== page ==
Archive for January 2010
A sizable percentage of the patrons one night are working behind the bar the next night. And vice versa.
He dreams of getting mugged, missing appointments, fighting with someone and hurting them quite badly at first but by the end getting severely injured himself, being told off by both adults and children, getting caught in compromising positions, walking around with his fly open, and forgetting what he was going to say at a key moment.
Secular society’s lack of any viable purification rituals leaves everything up to the dream, and dreams don’t really work, not like that.
Full force, he suddenly sees it: the animal strangeness of spending an entire Saturday sitting at the kitchen table, typing revisions into a piece that was begun in 2000. Others are walking and looking, soon they’ll be eating and drinking. He, on the other hand, is in keystroke dialogue with a younger version of himself at once cleaner and less intelligent but somehow braver for it.
A cat drips from a bush out back and scatters towards home. Back at the table, state-sponsored classical music trickles out of his laptop’s speakers.
The structural stress of his line of work is abstract but profound – at once ridiculous and, unfortunately, utterly real. Everything else follows, as if fatally, when one takes it too seriously. That is to say, when one takes it at all.
Another word for confession is anti-theodicy. Justify the ways of man to God. But then there’s the problem of prepositioning, of answers without questions, and ultimately of authorship.
He thinks of Satan and his real thoughts after the Fall. But who put the thought in my head? Who made the drive that drove the thought? Did He who made the lamb make me?
A realist in the fullest sense of the word, he knows that the real reason Satan’s story starts, if it were real, is not because non serviam ex nihilo’d itself into his horny head, but because he was the sort of guy who wanted something absolutely fucking amazing to happen every single night. Only this time it did.
The conceit of this virtual world is that you fly from place to place. There are resorts and shopping malls, sectors devoted to polymorphous sex and others where you can worship the god (or gods) of your choice. Condominium complexes range around amusement parks and zoos full of dinosaurs – a entire world where adult infantility reigns supreme beyond the darkest (brightest?) dreams of Houllebecq.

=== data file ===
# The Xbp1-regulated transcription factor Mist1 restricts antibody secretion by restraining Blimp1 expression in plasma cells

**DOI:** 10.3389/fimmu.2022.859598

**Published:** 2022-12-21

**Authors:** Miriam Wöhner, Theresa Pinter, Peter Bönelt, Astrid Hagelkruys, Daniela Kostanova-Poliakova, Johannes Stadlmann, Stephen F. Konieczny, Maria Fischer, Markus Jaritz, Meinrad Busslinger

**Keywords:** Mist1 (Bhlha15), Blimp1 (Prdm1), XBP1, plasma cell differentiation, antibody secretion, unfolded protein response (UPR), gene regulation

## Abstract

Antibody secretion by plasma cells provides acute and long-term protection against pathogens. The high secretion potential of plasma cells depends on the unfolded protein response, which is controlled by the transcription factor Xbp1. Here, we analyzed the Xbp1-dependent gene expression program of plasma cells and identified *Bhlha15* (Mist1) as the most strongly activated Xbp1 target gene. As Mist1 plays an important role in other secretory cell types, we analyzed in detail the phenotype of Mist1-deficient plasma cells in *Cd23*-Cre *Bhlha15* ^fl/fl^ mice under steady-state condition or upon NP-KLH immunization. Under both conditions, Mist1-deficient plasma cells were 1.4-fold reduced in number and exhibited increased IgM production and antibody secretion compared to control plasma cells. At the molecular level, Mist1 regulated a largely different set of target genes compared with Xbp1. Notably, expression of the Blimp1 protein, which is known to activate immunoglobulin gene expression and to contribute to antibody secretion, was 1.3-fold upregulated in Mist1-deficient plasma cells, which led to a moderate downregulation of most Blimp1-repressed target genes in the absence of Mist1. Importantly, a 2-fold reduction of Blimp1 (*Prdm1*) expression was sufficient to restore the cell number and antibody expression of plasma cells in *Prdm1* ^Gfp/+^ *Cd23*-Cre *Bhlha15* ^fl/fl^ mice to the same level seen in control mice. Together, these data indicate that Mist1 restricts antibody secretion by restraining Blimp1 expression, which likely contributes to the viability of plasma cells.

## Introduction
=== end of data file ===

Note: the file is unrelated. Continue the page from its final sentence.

At first the flying goes fine – he is soaring about a zone of chain restaurants, then a meticulously reconstructed Mayan temple. But soon enough, as he heads out over a beach where thousands of volleyball teams are holding a massive double-elimination tournament in the nude, he starts to slow down. He slows down… or the frame rate of the world he is in slows down. He seems to hang in place for seconds at a time and then lurch a few meters forward. Eventually he comes to a complete halt, his eyes locked on nothing but the sun and the deep blue sky.
He hasn’t the bandwidth for this sort of thing, he lives too far from the central servers.
He is co-teaching a seminar with one of his colleagues. Just before the session is about to begin, she asks him to produce his handouts, the images that he has chosen to distribute. But he only has one copy with him, and so he lies and says that he had thought he would show them a Powerpoint presentation (he never does Powerpoint presentations) but there is no computer in the room. He even takes a memory stick out of his pocket to underscore the point.
She scolds him – It’s your job to check the room before you teach. You know that. Look at the copies that I’ve made. You can’t just pass around a single copy of the images – there are thirty students in the class! He responds, first, by saying that no, yes, he’ll just pass around the single copy that he brought, he’s done that sort of thing before and its fine, and next by standing up and walking out of the room. On his way out, he tells her he is going to make copies. But then he calls her a foul name just loud enough for the students, now starting to fill the room, to hear.
He leaves the building and goes to the Modern Language Association conference, which as it happens is being held this year at the nearby State Fairground. Offseason rates. Tents, corn dog stands, beer stands, hay… After some time wandering around with a pack of friends, academics acting like Nebraska teenagers, he realizes that he’s past due to go back and finish the seminar. It’s a three hour seminar, and he had planned upon leaving to return after the break at the middle. But now there are only thirty minutes left…
As he flies through the air, over the tents and attractions, and then sparse winter forest, he thinks to himself that this is the first time he has ever flown in a dream and that he’s not sure he really knows how to do it, feels safe doing it. He clips branches and flies slower than he might, and when he has made it back to the classroom he discovers that everyone – his colleague, the students – is already gone.